DREAM ACT March DC

July is birthday month, and what better way to celebrate than going to a massive protest in DC. Last week Jamie and I DROVE the 9 hours with a group from 1Michigan to march on capitol hill to “encourage” the legislature to finally pass the DREAM ACT.

21 dreamers  (including one dreamer from the Michigan group) got arrested after sitting in some of the legislator’s offices, including Arizona Senator John McCain.

While it felt empowering to march around Capitol Hill and the White House, the fight is far from over. It felt encouraging to see legislators waving from heir offices but they need to act. Politicians on both sides of the aisle (even McCain who promised the National Council of La Raza to push the DREAM ACT through if he became president two years ago) have pledged to support this legislation. But of course, there are also opponents on both sides: the Republicans, well no need to explain there, and the Democrats because they are afraid it would overshadow larger immigration reform that is necessary.

Thankfully there is some movement with the Arizona Law (from AZCentral):

U.S. District Court Judge Susan Bolton has issued a preliminary injunction preventing several sections of Arizona’s new immigration law from becoming law, at least until the courts have a chance to hear the full case.

Key parts of Senate Bill 1070 that will not go into effect Thursday:

• The portion of the law that requires an officer make a reasonable attempt to determine the immigration status of a person stopped, detained or arrested if there’s reasonable suspicion they’re in the country illegally.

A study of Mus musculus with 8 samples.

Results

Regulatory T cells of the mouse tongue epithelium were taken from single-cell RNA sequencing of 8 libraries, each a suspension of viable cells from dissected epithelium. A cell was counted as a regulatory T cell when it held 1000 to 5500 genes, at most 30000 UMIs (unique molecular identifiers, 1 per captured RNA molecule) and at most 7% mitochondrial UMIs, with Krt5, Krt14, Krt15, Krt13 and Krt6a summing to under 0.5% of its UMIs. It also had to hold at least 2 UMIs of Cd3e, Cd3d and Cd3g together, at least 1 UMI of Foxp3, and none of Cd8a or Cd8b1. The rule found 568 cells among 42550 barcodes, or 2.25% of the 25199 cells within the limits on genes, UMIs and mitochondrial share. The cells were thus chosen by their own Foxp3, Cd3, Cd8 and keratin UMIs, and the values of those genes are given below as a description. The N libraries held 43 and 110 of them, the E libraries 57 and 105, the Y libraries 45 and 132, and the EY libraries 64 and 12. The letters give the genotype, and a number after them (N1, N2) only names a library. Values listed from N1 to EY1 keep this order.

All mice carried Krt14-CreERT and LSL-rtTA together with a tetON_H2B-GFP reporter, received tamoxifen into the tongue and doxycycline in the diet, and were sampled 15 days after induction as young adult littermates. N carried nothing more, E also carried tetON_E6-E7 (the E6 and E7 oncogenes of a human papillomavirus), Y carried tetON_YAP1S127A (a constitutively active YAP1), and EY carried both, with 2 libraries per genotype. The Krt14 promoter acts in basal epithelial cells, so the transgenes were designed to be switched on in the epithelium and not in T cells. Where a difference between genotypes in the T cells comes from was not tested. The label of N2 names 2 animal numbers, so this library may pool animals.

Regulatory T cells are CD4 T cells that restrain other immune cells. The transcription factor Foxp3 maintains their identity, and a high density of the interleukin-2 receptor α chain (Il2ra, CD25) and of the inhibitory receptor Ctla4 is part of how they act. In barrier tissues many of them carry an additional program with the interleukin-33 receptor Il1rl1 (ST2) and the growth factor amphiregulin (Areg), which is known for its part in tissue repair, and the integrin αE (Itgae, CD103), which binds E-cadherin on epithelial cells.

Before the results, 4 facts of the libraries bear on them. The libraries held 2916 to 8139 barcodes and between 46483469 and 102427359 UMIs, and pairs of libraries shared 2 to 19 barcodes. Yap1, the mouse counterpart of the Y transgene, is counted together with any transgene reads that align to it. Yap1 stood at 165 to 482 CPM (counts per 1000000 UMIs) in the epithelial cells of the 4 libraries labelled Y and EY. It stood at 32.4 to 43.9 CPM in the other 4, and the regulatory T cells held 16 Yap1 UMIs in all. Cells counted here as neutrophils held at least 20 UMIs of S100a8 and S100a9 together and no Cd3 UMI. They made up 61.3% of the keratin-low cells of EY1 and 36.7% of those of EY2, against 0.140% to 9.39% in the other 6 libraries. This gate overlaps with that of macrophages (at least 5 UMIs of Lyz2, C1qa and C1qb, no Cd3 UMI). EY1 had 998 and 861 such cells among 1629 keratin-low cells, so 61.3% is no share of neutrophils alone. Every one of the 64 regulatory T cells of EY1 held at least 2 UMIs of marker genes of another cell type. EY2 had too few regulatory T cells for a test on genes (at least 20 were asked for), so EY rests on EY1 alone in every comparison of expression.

• The portion that creates a crime of failure to apply for or carry “alien-registration papers.”

• The portion that makes it a crime for illegal immigrants to solicit, apply for or perform work. (This does not include the section on day laborers.)

• The portion that allows for a warrantless arrest of a person where there is probable cause to believe they have committed a public offense that makes them removable from the United States.

Bolton’s ruling followed hearings on three of seven federal lawsuits challenging SB 1070. Plaintiffs include the U.S. Department of Justice, the American Civil Liberties Union, Phoenix and Tucson police officers, municipalities, illegal immigrants and non-profit groups.

She denied legal requests by Gov. Jan Brewer, Maricopa County Sheriff Joe Arpaio and several other defendants seeking to have the lawsuits dismissed because, they argued, the plaintiffs did not prove that they would be harmed by the law if it went into effect.

Hopefully this legislation will continue to move into the right direction (as in disappear). One more picture for good measure: Happy double birthday!